Arizona Supreme Court mulls immigrant tuition case

PHOENIX (AP) — The Arizona Supreme Court said Monday that before colleges send out tuition letters for the next semester it will rule on whether immigrant students with deferred deportation status can continue to benefit from lower in-state school costs.

Chief Justice Scott Bales said the high court’s ruling would be issued “in due course” after a morning session that heard arguments from both sides.

Attorney Mary O’Grady, representing immigrant students, said that young people covered by the 2012 Deferred Action for Childhood Arrivals program known as DACA should be eligible for lower in-state tuition at Arizona state colleges because they have federal government permission to be in the U.S.

O’Grady noted that DACA recipients are allowed to have work permits and driver’s licenses.

But Arizona Asst. Attorney General Rusty D. Crandell said the state does not consider the students to be lawfully present in Arizona for the purpose of lower tuition.

The hearing came a day after a fresh blast of tweets by President Donald Trump on border and immigration issues, including a declaration that a deal to help “Dreamer” immigrants is “dead because the Democrats didn’t care or act.”

Former President Barack Obama created the DACA program to provide temporary protection and work permits to hundreds of thousands of immigrants who are living in the U.S. illegally after being brought here as children. The program was later closed to new entrants and Trump ended it last year.

Trump gave Congress six months to pass legislation enshrining it, but a deal has not been reached.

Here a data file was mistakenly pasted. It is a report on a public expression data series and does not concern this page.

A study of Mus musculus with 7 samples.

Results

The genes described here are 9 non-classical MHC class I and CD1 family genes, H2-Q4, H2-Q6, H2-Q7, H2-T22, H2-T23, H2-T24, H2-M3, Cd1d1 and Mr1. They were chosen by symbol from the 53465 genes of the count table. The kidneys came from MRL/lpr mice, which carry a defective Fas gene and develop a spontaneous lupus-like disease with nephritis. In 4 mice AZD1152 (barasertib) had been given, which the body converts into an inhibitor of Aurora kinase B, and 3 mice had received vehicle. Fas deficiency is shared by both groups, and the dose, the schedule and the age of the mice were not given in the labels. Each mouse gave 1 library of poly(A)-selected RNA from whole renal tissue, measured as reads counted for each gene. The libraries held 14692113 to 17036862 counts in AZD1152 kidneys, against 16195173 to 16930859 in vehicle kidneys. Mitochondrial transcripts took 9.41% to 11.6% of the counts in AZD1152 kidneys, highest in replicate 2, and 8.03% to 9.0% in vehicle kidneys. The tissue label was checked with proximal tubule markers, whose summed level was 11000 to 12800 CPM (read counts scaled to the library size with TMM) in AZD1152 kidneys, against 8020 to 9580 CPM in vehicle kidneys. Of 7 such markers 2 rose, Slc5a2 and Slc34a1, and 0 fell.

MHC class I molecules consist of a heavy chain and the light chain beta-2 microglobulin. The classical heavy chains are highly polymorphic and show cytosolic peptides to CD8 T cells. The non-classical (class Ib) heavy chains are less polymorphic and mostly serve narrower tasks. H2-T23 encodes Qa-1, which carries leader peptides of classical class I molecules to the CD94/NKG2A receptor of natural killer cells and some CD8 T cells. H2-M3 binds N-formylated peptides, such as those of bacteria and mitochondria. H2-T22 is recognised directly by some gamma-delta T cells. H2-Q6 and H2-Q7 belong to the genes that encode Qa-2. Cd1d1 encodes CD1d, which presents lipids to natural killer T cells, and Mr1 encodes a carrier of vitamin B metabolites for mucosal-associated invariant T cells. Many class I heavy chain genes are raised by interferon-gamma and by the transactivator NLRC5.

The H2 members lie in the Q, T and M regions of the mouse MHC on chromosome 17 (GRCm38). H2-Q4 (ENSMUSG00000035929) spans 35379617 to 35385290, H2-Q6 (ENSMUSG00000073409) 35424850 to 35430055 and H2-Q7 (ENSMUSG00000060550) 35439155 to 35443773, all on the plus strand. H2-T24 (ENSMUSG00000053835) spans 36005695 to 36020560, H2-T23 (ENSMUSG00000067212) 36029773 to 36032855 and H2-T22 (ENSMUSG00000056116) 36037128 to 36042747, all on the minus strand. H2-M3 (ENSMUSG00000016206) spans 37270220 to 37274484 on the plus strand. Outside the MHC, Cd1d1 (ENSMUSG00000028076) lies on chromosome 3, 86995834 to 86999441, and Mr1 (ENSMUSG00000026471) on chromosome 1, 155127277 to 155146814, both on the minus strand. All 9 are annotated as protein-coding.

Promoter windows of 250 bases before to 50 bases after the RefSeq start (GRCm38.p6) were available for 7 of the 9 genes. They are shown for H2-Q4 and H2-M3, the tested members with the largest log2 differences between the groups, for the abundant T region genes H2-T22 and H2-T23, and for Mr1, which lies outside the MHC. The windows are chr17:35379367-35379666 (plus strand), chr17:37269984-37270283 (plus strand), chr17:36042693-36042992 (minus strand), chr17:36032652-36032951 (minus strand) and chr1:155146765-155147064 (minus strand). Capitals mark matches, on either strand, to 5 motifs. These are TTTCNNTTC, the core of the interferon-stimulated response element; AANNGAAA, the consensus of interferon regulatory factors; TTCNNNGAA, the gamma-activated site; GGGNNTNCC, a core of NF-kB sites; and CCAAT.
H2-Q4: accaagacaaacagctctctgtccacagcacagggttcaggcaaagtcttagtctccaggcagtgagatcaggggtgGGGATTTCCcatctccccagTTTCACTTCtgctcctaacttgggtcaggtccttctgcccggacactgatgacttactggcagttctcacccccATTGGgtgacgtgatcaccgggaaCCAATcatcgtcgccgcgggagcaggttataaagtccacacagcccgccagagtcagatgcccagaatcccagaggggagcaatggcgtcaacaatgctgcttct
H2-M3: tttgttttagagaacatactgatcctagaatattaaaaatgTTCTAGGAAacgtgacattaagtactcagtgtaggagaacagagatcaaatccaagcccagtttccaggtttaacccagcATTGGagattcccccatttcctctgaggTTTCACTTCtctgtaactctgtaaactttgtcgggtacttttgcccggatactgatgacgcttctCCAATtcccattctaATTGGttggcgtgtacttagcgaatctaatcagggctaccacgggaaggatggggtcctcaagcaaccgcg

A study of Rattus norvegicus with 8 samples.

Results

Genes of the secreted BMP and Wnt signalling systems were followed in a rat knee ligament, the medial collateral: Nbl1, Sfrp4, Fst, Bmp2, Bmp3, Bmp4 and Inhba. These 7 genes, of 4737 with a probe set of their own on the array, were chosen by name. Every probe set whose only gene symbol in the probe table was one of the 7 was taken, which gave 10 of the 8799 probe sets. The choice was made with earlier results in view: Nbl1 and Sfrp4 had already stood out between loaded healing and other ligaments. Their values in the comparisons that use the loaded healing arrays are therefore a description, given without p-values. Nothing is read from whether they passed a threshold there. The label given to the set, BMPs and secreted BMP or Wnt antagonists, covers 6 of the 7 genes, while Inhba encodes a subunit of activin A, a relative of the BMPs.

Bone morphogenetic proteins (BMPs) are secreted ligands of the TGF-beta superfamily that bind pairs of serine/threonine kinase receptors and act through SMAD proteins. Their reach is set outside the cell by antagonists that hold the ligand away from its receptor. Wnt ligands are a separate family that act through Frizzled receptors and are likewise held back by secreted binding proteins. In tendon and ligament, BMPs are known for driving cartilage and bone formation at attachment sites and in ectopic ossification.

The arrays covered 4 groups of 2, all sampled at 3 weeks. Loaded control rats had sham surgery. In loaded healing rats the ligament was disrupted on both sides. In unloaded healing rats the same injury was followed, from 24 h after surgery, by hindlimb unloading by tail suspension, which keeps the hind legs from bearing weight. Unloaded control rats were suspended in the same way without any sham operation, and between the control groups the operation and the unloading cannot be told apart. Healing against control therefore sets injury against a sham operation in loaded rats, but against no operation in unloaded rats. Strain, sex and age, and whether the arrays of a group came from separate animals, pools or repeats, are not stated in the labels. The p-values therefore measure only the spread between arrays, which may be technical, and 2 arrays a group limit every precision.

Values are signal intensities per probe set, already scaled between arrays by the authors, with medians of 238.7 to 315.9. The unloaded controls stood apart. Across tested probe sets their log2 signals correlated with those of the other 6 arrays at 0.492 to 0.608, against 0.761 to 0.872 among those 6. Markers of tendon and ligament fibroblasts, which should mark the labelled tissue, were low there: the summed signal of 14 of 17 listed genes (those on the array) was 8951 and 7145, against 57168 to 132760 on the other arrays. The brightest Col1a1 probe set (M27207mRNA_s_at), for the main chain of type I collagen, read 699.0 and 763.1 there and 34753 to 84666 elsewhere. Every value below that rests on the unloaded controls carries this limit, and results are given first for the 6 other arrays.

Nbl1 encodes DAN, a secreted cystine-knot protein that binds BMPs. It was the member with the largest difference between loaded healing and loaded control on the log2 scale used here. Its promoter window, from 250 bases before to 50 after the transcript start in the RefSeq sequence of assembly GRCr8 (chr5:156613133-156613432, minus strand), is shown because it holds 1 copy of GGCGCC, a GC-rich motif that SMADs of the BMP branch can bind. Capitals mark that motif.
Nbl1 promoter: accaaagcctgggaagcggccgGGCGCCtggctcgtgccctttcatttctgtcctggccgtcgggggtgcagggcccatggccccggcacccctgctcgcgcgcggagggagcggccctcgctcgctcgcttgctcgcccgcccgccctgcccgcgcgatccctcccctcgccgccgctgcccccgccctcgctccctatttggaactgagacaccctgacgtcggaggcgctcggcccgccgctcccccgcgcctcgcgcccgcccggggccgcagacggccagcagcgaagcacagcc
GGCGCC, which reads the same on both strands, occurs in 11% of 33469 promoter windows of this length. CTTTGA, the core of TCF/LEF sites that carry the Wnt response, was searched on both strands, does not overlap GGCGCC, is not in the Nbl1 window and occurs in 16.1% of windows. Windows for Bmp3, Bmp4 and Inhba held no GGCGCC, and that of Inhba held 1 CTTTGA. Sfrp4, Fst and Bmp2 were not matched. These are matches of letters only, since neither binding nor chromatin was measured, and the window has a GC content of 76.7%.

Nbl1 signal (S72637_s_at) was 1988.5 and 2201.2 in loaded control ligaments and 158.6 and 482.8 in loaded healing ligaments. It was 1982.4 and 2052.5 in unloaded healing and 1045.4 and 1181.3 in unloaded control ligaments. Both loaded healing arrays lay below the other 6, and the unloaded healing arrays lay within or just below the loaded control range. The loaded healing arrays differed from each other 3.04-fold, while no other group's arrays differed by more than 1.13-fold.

Monday’s hearing considered an effort by the Maricopa County Community Colleges District to overturn a June 2017 state Court of Appeals ruling that found young immigrants in the program aren’t eligible for lower in-state tuition.

That appellate court said DACA did not confer legal status and each state can decide on optional benefits for DACA recipients.

Arizona law bars public benefits such as in-state tuition for students without legal status.

DACA recipients who have benefited from lower tuition costs in recent years rallied outside the Arizona Supreme Court building before the hearing.

“We don’t want special favors, we want equity” with other students with Arizona residency, said Belen Sisa, a 24-year-old senior at Arizona State University whose parents brought her here from Argentina when she was six. She is a co-founder of the group that organized the rally, Undocumented Students for Education Equity at ASU.

Jocelyn Lopez, an 18-year-old who is finishing her first year at ASU studying biomedical sciences, said she will have to delay her dreams of becoming a doctor if she loses in-state tuition. Instead of paying about $12,000 a year, she’ll have to pay more than $30,000, she said.

“That’s really impossible for my family to pay,” said Lopez, who was 1 when her parents brought her to the U.S. from their native Guadalajara, Mexico, where her grandfather was an orthopedic surgeon.